Rats treated with a drug known as CD40Ig have been shown to accept heart grafts from rats that are not genetically identical. Although it is known that CD40Ig disrupts the interaction between CD40 and CD40L on different immune cells, exactly how this prevents heart graft rejection in rats had not been determined.
In a study that appears in the April issue of the Journal of Clinical Investigation, Ignacio Anegon and colleagues from Centre Hopitalier Universitaire de Nantes, France, identified in rats treated with CD40Ig a population of regulatory immune cells that express CD8 and low levels of CD45RC.
These cells were essential for the heart graft to survive and when transferred to normal mice they prevented the rejection of a subsequent heart graft in the absence of CD40Ig treatment. In vitro, these cells produced a soluble factor known as IFN-gamma that induced endothelial cells in the heart graft to express a protein known as IDO. Importantly, neutralizing either IFN-gamma or IDO in vivo caused heart graft rejection in rats treated with CD40Ig. This study therefore describes a mechanism by which treatment with CD40Ig can result in the prevention of heart graft rejection.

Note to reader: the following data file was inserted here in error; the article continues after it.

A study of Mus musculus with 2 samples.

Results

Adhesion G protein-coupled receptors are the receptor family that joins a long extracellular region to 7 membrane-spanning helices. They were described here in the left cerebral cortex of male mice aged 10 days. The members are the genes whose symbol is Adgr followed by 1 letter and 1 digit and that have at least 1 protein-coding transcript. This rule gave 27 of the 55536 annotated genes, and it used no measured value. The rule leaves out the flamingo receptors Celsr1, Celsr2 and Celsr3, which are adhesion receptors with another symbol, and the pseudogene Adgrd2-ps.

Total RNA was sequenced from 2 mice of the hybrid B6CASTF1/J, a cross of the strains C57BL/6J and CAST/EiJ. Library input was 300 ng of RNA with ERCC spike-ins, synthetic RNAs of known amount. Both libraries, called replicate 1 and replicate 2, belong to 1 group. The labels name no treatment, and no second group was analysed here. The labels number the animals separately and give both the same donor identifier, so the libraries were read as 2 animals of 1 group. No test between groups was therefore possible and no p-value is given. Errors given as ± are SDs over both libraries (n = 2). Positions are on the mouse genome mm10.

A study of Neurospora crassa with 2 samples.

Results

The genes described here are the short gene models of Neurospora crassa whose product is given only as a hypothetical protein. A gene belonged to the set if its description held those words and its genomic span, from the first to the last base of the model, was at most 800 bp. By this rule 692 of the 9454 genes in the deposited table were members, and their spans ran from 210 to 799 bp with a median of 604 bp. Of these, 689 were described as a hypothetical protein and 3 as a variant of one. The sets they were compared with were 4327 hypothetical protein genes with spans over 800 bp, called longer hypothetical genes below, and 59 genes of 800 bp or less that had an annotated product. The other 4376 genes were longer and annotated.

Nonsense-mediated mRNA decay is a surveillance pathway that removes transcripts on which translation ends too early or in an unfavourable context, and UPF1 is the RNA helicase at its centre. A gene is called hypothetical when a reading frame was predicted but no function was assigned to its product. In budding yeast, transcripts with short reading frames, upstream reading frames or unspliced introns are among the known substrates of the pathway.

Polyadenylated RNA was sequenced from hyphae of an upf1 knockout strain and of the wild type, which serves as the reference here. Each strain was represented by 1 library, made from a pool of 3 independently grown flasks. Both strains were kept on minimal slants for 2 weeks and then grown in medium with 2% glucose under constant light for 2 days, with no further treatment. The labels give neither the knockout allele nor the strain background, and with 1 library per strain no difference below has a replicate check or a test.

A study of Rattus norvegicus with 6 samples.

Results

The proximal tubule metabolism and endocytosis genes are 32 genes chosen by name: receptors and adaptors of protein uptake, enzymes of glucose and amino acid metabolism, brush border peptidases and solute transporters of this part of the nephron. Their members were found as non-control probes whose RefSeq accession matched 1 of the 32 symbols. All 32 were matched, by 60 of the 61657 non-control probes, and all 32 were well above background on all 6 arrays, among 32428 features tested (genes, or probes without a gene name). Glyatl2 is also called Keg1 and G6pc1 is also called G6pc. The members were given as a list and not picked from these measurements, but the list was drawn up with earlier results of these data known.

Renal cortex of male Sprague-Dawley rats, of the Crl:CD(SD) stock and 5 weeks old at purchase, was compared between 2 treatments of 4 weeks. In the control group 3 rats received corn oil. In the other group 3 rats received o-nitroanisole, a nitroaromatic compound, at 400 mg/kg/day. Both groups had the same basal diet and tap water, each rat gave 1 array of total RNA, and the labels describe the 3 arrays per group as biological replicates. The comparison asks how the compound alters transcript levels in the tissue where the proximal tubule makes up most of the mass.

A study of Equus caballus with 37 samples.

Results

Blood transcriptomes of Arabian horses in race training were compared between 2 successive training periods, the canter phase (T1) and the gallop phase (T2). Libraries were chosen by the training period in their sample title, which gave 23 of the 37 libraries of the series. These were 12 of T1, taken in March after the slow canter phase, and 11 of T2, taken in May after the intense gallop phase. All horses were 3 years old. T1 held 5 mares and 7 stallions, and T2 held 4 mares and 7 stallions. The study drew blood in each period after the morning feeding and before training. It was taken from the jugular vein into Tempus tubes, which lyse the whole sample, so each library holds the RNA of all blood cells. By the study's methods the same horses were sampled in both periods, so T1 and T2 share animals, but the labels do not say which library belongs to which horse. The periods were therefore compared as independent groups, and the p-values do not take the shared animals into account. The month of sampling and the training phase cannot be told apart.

As discussed in an accompanying commentary, the importance of IFN-gamma for preventing the rejection of heart grafts is likely to surprise many as it has long been considered a soluble factor that enhances inflammation.
However, as Jingwu Zhang from the Institute of Health Sciences in China notes, "the paradoxical actions of IFN-gamma appear to follow the principle of yin and yang, as do many of nature's paradoxes. That is, the roles of IFN-gamma only exist in a well-defined, integrated system in which the two elements of a proinflammatory process (yang) and an antiinflammatory/regulatory process (yin) interact to achieve and maintain balance."